What is collective consultation?

If an employer is seeking to make redundancies, they will often be obliged to go through a collective consultation process.

In a collective consultation process, the employer must consult with either a trade union representative or an employee representative, if employees do not have a recognised trade union.

As part of the process, employers will discuss and agree with the trade union or employee representatives on how the redundancy process will be carried out.

When do employers need to collectively consult employees?

Employers must follow a collective consultation process where all the following criteria apply:

  • Twenty or more redundancies are required
  • The redundancies will take place within a 90-day period
  • The redundancies will all come from a single ‘establishment’. In practice, this is often interpreted as meaning the local unit or entity in which an individual works. This interpretation was cast into doubt for some time by the case of USDAW and another v WW Realisation 1 Ltd (in liquidation)/Ethel Austin Ltd and another (a very long-running case involving the closure of multiple Woolworths and Ethel Austin stores) but, following the Court of Appeal decision in this case, this appears to be the settled position in the UK.

Consultation will not always end in an agreement, but employers should conduct consultation in good faith, with a view to reaching an agreement if possible.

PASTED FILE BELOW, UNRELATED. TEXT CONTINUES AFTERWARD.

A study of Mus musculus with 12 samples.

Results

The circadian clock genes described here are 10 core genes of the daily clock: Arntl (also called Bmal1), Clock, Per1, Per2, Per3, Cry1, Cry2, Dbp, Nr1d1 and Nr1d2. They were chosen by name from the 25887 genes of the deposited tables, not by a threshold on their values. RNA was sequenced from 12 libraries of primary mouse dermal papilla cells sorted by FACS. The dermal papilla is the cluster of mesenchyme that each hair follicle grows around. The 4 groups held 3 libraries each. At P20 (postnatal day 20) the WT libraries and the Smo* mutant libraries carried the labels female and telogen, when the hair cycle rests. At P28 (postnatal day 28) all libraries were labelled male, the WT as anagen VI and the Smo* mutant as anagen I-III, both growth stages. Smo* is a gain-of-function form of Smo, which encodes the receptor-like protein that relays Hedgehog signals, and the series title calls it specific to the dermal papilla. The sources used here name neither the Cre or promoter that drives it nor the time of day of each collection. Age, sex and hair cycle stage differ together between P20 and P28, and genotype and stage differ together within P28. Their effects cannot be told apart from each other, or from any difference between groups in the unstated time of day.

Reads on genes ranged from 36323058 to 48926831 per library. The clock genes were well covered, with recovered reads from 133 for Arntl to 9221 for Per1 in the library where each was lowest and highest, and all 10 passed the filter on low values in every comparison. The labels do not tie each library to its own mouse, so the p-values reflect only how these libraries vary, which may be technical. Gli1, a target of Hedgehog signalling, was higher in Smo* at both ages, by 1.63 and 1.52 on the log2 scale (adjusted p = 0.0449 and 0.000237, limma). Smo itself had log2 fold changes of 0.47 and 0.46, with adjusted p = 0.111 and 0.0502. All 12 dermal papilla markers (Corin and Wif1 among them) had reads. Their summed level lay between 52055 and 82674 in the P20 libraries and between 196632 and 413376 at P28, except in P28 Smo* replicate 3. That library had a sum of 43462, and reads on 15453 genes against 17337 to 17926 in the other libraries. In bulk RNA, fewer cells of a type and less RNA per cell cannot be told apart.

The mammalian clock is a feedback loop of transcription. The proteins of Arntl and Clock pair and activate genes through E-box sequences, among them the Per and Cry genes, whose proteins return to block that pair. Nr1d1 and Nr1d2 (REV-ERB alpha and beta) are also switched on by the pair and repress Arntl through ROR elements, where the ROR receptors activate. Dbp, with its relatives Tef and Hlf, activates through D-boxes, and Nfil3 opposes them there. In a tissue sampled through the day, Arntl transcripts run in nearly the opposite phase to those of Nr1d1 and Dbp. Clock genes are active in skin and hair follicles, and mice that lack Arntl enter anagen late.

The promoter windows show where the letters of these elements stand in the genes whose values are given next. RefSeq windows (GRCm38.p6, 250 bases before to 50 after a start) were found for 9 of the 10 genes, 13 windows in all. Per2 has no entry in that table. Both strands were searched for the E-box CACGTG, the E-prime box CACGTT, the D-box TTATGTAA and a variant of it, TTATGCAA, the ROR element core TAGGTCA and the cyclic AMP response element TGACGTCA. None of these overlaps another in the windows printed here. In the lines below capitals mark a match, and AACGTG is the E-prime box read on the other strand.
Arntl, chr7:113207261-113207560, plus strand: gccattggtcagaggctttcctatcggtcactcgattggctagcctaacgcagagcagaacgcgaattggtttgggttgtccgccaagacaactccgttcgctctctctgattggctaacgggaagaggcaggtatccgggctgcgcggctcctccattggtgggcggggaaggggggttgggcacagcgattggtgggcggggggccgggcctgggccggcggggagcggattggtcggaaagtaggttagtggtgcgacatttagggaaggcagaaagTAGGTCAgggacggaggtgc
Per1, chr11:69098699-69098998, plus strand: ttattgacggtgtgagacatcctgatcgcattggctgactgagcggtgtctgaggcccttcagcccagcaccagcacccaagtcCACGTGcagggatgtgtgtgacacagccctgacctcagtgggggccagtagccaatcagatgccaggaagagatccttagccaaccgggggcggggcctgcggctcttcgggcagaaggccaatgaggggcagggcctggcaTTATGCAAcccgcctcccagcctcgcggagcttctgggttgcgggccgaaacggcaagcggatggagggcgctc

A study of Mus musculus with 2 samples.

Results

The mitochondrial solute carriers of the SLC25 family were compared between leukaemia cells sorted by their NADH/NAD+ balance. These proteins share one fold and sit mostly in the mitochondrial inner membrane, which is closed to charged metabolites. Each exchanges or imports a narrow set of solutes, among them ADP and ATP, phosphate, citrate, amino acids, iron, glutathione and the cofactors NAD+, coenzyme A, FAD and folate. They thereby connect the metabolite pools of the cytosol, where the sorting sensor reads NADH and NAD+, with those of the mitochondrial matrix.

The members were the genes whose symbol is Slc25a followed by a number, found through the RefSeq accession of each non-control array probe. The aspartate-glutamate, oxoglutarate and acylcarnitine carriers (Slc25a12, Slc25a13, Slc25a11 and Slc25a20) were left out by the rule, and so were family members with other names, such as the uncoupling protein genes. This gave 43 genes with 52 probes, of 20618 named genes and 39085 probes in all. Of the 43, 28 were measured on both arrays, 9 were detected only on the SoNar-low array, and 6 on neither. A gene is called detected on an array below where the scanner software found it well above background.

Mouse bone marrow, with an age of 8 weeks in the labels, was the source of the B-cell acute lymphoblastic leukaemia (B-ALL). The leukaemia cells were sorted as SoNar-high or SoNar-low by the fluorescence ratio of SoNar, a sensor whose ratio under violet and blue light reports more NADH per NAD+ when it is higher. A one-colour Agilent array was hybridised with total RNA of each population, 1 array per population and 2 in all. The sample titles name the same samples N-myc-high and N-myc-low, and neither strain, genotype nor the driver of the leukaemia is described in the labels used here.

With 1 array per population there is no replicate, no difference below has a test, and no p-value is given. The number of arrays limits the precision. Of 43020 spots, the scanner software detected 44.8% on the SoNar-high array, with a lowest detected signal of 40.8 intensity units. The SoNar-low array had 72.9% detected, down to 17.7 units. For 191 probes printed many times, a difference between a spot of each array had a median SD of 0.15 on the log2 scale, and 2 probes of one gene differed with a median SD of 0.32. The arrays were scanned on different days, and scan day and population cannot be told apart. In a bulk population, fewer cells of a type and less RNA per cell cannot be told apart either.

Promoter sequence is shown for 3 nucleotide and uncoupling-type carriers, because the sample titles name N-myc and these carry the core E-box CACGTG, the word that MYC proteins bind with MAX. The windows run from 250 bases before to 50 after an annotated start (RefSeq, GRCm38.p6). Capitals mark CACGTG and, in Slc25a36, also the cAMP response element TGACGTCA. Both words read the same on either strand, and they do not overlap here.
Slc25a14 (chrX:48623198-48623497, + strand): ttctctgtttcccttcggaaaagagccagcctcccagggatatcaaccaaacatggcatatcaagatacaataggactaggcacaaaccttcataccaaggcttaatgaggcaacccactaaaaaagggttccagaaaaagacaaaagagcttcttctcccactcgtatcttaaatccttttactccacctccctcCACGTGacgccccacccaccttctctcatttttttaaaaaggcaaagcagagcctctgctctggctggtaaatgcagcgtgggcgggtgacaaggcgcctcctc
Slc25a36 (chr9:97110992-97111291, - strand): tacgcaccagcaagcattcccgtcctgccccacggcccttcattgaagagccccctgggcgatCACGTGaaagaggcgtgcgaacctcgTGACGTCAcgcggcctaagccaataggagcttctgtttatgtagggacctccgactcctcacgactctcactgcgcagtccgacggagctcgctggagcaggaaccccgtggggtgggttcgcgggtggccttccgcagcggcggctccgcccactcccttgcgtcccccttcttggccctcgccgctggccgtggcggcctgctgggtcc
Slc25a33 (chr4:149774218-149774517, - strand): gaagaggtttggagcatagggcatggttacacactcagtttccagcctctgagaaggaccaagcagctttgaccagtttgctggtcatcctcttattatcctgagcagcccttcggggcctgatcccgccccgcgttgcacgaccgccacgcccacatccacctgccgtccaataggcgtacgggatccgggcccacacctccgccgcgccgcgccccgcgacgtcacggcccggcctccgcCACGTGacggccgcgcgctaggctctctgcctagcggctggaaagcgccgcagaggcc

Collective consultation steps

Employers entering a period of collective consultation should take the following steps:

  1. Notify the Redundancy Payments Service. Employers must do this before discussing redundancy with employees and at least 30 days before the first dismissal. If more than 100 employers are to be made redundant, this notification must be made 45 days in advance of any dismissals.
  2. Consult with appropriate representatives, this will either be trade union representatives or elected staff representatives. If there are no elected representatives, employers must consult with staff directly.
  3. Provide staff or their representatives with information about the proposed redundancies. Staff must be given enough time to consider the proposals before the employer moves on to the next step of the process. Employers must provide responses to requests for further information.
  4. Provide staff selected for redundancy with termination notices, outlining the date on which they will leave the business.
  5. Following the conclusion of the consultation process, the employer must issue redundancy notices.